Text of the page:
Choosing federal exemptions
Section 4(a)(2) of the Securities Act exempts from registration "transactions by an issuer not involving any public offering." To qualify for this exemption, which is sometimes referred to as the “private placement” exemption, the purchasers of the securities must:
- either have enough knowledge and experience in finance and business matters to be “sophisticated investors” (able to evaluate the risks and merits of the investment), or be able to bear the investment's economic risk;
- have access to the type of information normally provided in a prospectus for a registered securities offering; and
- agree not to resell or distribute the securities to the public.
A rule under the Securities Act that provides a safe harbor from registration under the Securities Act for grants of equity securities by a non-reporting company to its employees and certain other persons under a written compensatory benefit plan or written compensation contract. Securities acquired in Rule 701 transactions are restricted securities, however, under Rule 701(g)(3), they benefit from favorable treatment under Rule 144 after a company goes public.
Reg D - 506(b)
Under Rule 506(b), a company can be assured it is within the Section 4(a)(2) exemption by satisfying the following standards:
- The company cannot use general solicitation or advertising to market the securities;
- The company may sell its securities to an unlimited number of "accredited investors" and up to 35 other purchases. Unlike Rule 505, all non-accredited investors, either alone or with a purchaser representative, must be sophisticated—that is, they must have sufficient knowledge and experience in financial and business matters to make them capable of evaluating the merits and risks of the prospective investment
- Companies must decide what information to give to accredited investors, so long as it does not violate the antifraud prohibitions of the federal securities laws. But companies must give non-accredited investors disclosure documents that are generally the same as those used in registered offerings. If a company provides information to accredited investors, it must make this information available to non-accredited investors as well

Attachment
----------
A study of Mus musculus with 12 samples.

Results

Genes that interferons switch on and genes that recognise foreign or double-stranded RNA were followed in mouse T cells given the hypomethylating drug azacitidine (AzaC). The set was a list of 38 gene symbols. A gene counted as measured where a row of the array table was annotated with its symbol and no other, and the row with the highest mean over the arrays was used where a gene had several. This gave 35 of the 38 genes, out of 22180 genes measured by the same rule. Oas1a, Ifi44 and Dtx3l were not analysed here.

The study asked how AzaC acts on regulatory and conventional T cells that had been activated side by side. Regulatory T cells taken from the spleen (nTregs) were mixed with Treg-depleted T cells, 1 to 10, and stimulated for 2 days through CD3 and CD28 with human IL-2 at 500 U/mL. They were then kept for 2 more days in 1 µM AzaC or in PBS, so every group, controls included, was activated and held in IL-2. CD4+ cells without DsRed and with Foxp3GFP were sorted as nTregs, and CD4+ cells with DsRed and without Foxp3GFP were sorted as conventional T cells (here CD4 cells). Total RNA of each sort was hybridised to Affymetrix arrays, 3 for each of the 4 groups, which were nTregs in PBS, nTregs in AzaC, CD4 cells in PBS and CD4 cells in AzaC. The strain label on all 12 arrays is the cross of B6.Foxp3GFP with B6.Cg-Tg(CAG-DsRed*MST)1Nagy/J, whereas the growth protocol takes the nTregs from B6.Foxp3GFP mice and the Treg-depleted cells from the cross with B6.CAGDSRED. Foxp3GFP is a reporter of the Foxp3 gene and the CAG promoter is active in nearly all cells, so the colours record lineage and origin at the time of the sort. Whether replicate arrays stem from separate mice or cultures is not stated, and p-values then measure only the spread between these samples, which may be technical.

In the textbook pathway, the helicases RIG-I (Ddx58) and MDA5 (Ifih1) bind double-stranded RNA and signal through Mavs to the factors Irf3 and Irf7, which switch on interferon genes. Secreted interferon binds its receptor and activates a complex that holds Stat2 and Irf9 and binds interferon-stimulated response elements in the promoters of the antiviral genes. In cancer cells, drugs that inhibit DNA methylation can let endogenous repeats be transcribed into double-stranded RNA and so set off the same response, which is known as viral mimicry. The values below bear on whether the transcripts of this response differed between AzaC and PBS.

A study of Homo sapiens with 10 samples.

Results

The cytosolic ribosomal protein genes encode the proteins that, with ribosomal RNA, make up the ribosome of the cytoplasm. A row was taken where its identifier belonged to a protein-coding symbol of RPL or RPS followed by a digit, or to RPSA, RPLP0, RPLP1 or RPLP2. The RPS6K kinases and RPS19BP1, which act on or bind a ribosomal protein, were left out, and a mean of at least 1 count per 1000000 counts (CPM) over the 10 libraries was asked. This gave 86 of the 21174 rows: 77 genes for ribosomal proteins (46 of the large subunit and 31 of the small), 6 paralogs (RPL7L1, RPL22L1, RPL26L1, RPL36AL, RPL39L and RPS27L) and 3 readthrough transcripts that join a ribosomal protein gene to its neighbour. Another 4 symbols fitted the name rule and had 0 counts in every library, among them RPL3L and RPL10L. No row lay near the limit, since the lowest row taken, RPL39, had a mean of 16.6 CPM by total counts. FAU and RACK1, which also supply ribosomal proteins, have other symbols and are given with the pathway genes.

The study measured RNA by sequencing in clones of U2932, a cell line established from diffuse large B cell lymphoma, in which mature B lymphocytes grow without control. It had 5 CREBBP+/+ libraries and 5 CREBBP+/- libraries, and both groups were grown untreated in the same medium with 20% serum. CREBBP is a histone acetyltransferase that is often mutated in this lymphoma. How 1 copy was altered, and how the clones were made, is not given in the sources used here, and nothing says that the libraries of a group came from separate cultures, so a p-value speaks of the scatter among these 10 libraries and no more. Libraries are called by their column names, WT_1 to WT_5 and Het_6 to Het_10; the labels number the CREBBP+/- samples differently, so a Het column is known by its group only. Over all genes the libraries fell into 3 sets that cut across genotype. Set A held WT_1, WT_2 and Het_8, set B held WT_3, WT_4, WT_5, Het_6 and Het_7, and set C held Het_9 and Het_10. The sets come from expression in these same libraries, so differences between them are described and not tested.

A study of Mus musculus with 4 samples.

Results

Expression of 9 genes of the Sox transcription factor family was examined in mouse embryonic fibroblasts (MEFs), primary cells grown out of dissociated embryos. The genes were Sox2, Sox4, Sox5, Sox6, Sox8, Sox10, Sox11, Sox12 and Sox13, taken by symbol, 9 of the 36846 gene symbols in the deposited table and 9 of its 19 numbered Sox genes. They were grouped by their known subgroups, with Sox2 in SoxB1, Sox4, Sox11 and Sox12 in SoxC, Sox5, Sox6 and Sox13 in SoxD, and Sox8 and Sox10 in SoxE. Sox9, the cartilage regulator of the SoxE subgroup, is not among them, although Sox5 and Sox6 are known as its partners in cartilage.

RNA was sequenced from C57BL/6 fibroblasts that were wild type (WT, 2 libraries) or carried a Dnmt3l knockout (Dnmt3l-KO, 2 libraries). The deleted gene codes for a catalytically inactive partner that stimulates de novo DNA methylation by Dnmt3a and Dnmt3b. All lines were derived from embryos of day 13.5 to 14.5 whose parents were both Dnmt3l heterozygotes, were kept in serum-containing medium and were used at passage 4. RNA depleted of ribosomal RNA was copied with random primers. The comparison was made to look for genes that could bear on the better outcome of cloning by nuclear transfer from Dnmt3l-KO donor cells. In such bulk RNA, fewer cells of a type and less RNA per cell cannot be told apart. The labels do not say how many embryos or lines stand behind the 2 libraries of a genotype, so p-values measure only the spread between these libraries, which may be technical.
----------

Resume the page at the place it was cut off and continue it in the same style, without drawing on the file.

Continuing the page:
- The company must be available to answer questions by prospective purchasers; and
- Financial statement requirements are the same as for Rule 505
Reg D - 506(c)
Under Rule 506(c), a company can broadly solicit and generally advertise the offering, but still be deemed to be undertaking a private offering within Section 4(a)(2) if:
- The investors in the offering are all accredited investors; and
- The company has taken reasonable steps to verify that its investors are accredited investors, which could include reviewing documentation, such as W-2s, tax returns, bank and brokerage statements, credit reports and the like.
Reg D - 505
Rule 505 of Regulation D provides an exemption from the registration requirements of the federal securities laws for companies when they offer and sell securities. To qualify for this exemption, a company:
- Can only offer and sell up to $5 million of its securities in any 12-month period;
- May sell to an unlimited number of "accredited investors" and up to 35 other persons who do not need to satisfy the sophistication or wealth standards associated with other exemptions;
- Must inform purchasers that they receive "restricted" securities, meaning that the securities cannot be sold for six months or longer without registering them; and
- Cannot use general solicitation or advertising to sell the securities.
Reg D - 504
Rule 504 does allow companies to solicit or advertise their securities to the public and to sell securities that are not restricted, if one of the following circumstances is met:
- The company registers the offering exclusively in one or more states that require a publicly filed registration statement and delivery of a substantive disclosure document to investors;
- A company registers and sells the offering in a state that requires registration and disclosure delivery and also sells in a state without those requirements, so long as the company delivers the disclosure documents required by the state where the company registered the offering to all purchasers (including those in the state that has no such requirements); or
- The company sells exclusively according to state law exemptions that permit general solicitation and advertising, so long as the company sells only to "accredited investors."
The Securities and Exchange Commission is adopting amendments to the Regulation S safe harbor procedures for offshore sales of equity securities of U.S. issuers and the reporting requirements applicable to those transactions. The amendments are designed to stop abusive practices in connection with offerings of equity securities purportedly made in reliance on Regulation S.
Regulation A allows companies to offer and sell securities to the public, but with more limited disclosure requirements than what you would currently expect from publicly reporting companies. In comparison to registered offerings, smaller companies in earlier stages of development may be able to use this rule to more cost-effectively raise money.